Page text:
This post was originally published in 2014. It’s reprinted below.
This Friday is Good Friday, the day on which Christians commemorate the crucifixion and death of Jesus Christ. The name may seem counterintuitive to many Christians and nonbelievers, since the day is typically viewed as a solemn one, often observed with fasting and somber processions. Why is Good Friday called Good Friday?
Probably because good used to mean holy. There are a few theories about why Good Friday is called Good Friday, but only one seems to be supported by linguists and by historical evidence.
The first of these theories is that Good Friday is called Good Friday because, Christians believe, there is something very good about it: It is the anniversary, they say, of Jesus suffering and dying for their sins. “That terrible Friday has been called Good Friday because it led to the Resurrection of Jesus and his victory over death and sin and the celebration of Easter, the very pinnacle of Christian celebrations,” the Huffington Post suggests. Perhaps this logic has helped the name stick—it is certainly how many Christians today understand the name—but it is not where the name originally comes from.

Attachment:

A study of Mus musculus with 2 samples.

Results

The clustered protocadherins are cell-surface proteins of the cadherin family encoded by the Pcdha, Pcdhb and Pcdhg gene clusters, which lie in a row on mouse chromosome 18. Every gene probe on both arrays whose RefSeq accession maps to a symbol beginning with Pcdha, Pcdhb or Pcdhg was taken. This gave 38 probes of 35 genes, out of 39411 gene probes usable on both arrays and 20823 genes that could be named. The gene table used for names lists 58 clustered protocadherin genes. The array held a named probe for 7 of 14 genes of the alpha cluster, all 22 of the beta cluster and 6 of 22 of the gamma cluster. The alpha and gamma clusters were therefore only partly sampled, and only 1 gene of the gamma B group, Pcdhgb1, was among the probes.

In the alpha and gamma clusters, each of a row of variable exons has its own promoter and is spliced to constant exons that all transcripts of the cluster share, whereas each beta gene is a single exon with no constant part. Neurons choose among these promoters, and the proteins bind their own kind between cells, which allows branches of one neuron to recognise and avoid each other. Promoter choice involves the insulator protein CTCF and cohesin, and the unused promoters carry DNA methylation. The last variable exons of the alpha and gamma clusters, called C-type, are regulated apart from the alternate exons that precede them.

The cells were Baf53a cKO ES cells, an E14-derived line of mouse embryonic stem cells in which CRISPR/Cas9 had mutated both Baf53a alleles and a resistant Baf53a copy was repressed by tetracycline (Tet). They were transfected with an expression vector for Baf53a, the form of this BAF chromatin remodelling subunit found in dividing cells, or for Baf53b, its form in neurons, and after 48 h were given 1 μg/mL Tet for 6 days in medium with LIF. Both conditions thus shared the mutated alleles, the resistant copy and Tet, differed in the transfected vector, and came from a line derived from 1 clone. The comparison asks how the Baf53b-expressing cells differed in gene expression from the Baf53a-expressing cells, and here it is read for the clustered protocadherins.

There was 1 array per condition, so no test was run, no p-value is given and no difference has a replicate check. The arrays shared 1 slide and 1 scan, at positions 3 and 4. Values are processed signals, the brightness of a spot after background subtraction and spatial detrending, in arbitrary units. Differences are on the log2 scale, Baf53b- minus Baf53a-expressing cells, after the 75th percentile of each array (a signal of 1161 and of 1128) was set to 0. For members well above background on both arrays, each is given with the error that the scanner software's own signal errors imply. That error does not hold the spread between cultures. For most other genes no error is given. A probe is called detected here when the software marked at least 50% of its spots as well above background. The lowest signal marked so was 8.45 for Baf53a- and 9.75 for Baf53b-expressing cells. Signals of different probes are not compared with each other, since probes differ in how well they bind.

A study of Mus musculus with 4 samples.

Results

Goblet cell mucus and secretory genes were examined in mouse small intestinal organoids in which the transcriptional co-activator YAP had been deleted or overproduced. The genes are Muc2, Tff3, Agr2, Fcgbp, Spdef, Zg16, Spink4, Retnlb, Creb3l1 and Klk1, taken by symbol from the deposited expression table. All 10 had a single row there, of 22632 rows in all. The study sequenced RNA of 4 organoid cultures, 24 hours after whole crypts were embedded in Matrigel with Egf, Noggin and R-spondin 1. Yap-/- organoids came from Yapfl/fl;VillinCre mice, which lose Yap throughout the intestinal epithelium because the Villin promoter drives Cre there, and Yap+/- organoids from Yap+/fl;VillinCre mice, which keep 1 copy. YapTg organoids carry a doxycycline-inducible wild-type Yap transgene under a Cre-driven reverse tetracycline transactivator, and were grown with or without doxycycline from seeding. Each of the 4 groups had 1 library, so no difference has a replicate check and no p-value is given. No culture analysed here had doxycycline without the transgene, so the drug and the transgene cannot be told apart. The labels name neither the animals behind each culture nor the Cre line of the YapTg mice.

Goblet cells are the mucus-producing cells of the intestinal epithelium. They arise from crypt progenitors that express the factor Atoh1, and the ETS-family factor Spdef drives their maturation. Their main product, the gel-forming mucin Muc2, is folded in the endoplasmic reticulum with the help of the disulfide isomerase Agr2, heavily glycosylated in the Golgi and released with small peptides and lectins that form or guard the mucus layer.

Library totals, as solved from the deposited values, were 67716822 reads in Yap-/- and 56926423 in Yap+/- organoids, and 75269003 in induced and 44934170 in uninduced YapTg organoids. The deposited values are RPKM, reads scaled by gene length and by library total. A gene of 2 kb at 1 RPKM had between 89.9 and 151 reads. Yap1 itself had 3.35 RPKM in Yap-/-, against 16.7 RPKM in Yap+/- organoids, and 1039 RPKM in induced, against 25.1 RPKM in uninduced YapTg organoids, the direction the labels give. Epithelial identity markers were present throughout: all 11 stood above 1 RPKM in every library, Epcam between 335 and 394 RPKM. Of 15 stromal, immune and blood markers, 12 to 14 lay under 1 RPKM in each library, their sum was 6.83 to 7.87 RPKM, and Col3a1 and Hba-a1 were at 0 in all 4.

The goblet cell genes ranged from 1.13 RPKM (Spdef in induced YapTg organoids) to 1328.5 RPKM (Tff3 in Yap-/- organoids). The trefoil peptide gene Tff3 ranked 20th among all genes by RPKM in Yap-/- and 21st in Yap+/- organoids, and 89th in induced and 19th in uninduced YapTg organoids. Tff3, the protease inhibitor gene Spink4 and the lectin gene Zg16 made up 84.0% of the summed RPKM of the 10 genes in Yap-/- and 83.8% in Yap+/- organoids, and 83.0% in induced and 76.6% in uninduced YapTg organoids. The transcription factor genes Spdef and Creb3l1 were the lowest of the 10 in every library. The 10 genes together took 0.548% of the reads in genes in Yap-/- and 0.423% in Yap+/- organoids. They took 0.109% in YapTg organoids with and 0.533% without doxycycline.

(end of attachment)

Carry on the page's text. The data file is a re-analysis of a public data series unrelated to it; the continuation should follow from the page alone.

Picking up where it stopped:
The second theory is that the Good in Good Friday derives from God or “God’s Friday.” Wikipedia, for example, puts this theory forward citing a 1909 entry in The Catholic Encyclopedia. In a separate article on the same subject, the Huffington Post does the same. However, there seems to be no basis for this etymology. “The origin from God is out of the question” according to Anatoly Liberman, a professor at the University of Minnesota who studies the origins of English words. (Liberman also told me that English speakers have a long history of speculating about a relationship between the word good and the word god where there is none.) The linguist and lexicographer Ben Zimmer agreed, noting that the German for Good Friday isn’t actually “Gottes Freitag” (“God’s Friday”), as the Catholic Encyclopedia suggests, but rather Karfreitag (“Sorrowful Friday”). “None of the early examples in the Oxford English Dictionary imply that it started off as God’s rather than Good, so I don’t really see this as more than speculative etymology,” Zimmer added.
The third and final theory, the one supported by both the Oxford English Dictionary and every language expert I contacted, is that the name comes from an antiquated meaning of good. “The answer seems pretty clearly to be that it’s from good ‘holy,’ ” responded Jesse Sheidlower, the president of the American Dialect Society, when I put this question to him. Liberman agreed, noting that if you consider the other names for Good Friday—“Sacred Friday” in the Romance languages (Viernes Santo, e.g.), “Passion Friday” in Russian—“the OED’s explanation makes excellent sense.” The OED also notes that there was once Good Wednesday, the Wednesday before Easter, which these days is more commonly known as Holy Wednesday.